Sony announces Nvidia Jetson SDK for its XCG-CP510 polarised machine vision module

Sony Europe’s Image Sensing Solutions division has announced an SDK for its XCG-CP510 polarised machine vision module that lets applications be developed for it via the Nvidia Jetson embedded AI computer platforms.

Enables applications to be developed more quickly and easily on Nvidia’s small and powerful embedded AI computer platforms

 

Sony Europe’s Image Sensing Solutions division has announced an SDK for its XCG-CP510 polarised machine vision module that lets applications be developed for it via the Nvidia Jetson embedded AI computer platforms.

 

This is Sony’s (and the industry’s) second SDK for polarised cameras, with the first (for Windows) cutting development time for systems integrators by more than 75 per cent.

 

The XCG-CP510 uses the IMX250MZR sensor, the industry’s first to integrate polarisation functionality at the pixel level, to extract image data in 4 light planes – 0o, 90o, 45o, and 135o – with pixels assigned a plane in a 2x2 calculation unit and Stokkes Vector used to calculate the exact angle of light.

 

“The development and release of the SDK followed requests from customers who were looking to develop small, lightweight applications that could be deployed in, for example, drones”, said Sony ISS’s Arnaud Destruels.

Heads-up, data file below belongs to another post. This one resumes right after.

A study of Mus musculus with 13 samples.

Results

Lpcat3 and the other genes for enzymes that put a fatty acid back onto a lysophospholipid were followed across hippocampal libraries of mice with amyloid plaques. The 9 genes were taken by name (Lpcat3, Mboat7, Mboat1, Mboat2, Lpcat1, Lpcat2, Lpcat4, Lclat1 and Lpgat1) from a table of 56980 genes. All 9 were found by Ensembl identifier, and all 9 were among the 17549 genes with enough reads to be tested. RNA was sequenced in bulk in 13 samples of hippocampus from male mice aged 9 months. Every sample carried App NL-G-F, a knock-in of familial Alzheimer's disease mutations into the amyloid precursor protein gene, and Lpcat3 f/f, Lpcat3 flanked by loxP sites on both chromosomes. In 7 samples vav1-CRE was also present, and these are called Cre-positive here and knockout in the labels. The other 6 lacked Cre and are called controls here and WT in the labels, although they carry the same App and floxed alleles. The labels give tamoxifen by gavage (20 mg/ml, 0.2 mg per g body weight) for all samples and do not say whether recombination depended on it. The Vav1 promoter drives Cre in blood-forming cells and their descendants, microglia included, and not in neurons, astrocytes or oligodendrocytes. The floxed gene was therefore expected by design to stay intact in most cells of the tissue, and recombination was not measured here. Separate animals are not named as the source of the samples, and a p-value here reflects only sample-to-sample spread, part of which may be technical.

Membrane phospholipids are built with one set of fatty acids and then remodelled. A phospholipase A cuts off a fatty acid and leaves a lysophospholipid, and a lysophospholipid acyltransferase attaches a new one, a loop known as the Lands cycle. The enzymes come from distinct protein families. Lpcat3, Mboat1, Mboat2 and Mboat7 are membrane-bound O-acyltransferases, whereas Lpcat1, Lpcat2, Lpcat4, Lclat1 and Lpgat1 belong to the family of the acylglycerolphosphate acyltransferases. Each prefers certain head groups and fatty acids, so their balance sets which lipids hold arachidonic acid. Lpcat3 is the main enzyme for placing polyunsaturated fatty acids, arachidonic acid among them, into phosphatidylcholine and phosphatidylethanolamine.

“As we did with our original polarised SDK, we’ve continued to work closely with industry to identify the key functions and created highly-optimised image-processing algorithms that can be run on the Nvidia Jetson computers. So, depending on the application and the team, our SDKs reducing development from around 6, or even 24 months, down to 6 to 12 weeks.”


Key features
Support functions include demosaic and raw extraction.

The SDK’s ‘Cosine fit’ allows the developer to define a virtual polarizer angle for the whole image and the ‘Average’ function creates a non-polarised image from the raw data to simultaneously export what a standard machine vision camera would see for comparison. 

Pre-processing functions calculate various polarization specific information like the ‘Degree of Polarisation’, ‘Stokkes Vector’ and the ‘Surface Normal Vector’.

At the higher-end level, ‘Applications-Oriented’ functions have been implemented to manage reflections and measure stress.

These functions’ algorithms have been optimised for accuracy and high computing to enable its use in real-time inspection.